After a long time away we finally have an all new Monster Hunter game in the shape of Monster Hunter World. It’s the first time the series has been on a main console for a while, and I spoke to producer Ryozo Tsujimoto about that, what it’s like to update such a traditional series, and how to keep a zealous fan base happy.
Bringing Monster Hunter back to console after a time away really opens up the audience. Has that brought any changes as a result?
We’ve really taken the chance to step back and look at what Monster Hunter is. There might be a lot of people who are going to play Monster Hunter for the first time and we’re aware we want to grow the audience. That’s not to say we just take everything new people want and implement it. Veteran Monster Hunter fans can be reassured that we don’t want to change the core action, we want you to get to that gameplay - we don’t want to make it easier, we want to make it easier to get to it. It’s a chance for us to step back and look at all the little quirks and curiosities about the Monster Hunter design that might have been putting off the new players, and streamline that so they can really get to the good stuff quickly.
This is the most powerful console the series has been on for a while. How have you taken advantage of that?
Well we’ve taken the concept of wanting to make it feel like you’re delving into this deep ecosystem in each map. So it’s not just a stage, it’s a living breathing world - every plant, every creature, every monster - they all interact with each other and they all have their own behaviours and desires. That plays into one of the key aspects of the ecosystem - that it’s not just something you’re passively reacting to, you can also use the ecosystem as part of the hunt. Where before you might have to put a trap item out to trap a monster, there are now parts of the environment you can use. Where you might have had to use items for effects like poison or gas, now there might be creatures or things in the environment you can use. It’s about the depth of each map, how many deep details there are and how to make a really rich environment to hunt in.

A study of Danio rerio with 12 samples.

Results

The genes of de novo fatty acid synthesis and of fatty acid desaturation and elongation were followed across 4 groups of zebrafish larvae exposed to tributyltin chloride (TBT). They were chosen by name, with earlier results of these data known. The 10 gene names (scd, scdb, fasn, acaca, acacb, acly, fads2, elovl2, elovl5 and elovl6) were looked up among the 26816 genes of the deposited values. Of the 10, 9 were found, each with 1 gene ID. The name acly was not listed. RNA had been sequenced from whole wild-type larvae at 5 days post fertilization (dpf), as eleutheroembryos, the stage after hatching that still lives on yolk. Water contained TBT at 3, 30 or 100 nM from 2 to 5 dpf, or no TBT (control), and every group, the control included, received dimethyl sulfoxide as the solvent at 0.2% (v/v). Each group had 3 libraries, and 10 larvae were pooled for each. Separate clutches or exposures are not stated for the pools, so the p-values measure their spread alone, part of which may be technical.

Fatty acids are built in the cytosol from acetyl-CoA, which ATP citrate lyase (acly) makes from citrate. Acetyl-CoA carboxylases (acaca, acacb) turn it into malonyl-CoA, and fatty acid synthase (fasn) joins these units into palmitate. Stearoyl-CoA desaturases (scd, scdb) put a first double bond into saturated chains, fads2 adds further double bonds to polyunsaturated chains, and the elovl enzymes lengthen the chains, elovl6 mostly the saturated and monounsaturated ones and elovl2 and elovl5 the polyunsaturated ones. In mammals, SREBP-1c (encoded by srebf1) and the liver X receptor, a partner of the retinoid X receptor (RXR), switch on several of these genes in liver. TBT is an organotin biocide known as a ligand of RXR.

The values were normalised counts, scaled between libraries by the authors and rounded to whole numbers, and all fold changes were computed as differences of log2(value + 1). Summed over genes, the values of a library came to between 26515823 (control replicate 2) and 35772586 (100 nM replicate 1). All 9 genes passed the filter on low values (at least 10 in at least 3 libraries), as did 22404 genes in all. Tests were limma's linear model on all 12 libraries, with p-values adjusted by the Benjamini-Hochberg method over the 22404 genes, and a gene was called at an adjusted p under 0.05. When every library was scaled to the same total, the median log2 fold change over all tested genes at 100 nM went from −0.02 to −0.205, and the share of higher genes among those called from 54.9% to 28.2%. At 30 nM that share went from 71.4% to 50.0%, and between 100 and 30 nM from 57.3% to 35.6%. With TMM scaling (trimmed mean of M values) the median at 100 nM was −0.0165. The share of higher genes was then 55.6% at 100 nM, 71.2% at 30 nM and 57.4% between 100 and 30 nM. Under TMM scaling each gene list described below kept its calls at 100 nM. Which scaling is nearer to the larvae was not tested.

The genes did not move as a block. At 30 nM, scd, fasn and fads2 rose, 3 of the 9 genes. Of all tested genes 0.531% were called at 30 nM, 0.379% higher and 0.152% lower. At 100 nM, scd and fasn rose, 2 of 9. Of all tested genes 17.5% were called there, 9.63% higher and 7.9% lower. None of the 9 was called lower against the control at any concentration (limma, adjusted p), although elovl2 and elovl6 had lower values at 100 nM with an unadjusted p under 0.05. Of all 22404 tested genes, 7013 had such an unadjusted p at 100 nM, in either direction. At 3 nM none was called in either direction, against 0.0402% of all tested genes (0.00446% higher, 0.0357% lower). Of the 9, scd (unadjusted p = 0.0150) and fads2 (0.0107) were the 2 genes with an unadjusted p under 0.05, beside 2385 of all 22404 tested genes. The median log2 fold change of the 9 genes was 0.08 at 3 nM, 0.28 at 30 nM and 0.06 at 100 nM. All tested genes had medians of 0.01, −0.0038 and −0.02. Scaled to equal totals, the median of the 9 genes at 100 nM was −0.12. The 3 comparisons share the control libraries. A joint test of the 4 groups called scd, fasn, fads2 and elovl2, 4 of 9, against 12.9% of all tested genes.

Has PS4/Xbox One development enabled you to do anything you couldn’t before?
To an extent. But it might be more accurate to say we built up things over the series’ [entire] development. For example, the AI: you have intelligent monster behaviour, how they behave in packs, how they react to the player - and now we’re at a place where you can combine it and take it to the next level. Now we can have monsters that interact with, and fight, each other. It isn’t so much that we couldn’t do what we wanted from the start, as much as we’ve built towards what we wanted to do, and we’ve done as much as we can with each generation, but now we’ve got this great leap that lets us take what we’ve built with the series to the next level.
Resident Evil 7 has had a very well received overhaul and reboot, was there ever discussion about something similar for Monster Hunter World?
Well, we want players to be surprised and delighted with Monster Hunter World but we don’t want to substantially revise core gameplay just to have something new to show. It’s a co-op action game and that’s what makes it what it is. We don’t want to introduce so many new features and ways of playing that [they] interfere, or cause disharmony between, the idea of the four player group going out and hunting a monster together. Which isn’t to say we haven’t introduced new features and things, we just try and make sure that it's not for its own sake, just to have something new to say. We want to make sure the game is always Monster Hunter at its heart.
The Monster Hunter series has a pretty hardcore fan base. Is it tough making a game for people who might think they know it better than you do?
So there are some things we’ve changed, like the maps or the way the monsters behave. When we first announced these there were definitely some veteran Monster Hunters who were like ‘it’s not Monster Hunter anymore, it’s not my Monster Hunter any more’. I don’t think that knowing potential reactions to changes, stops us from making changes. It just makes us feel it’s more important than ever to make sure [the community] understands the reason for the changes.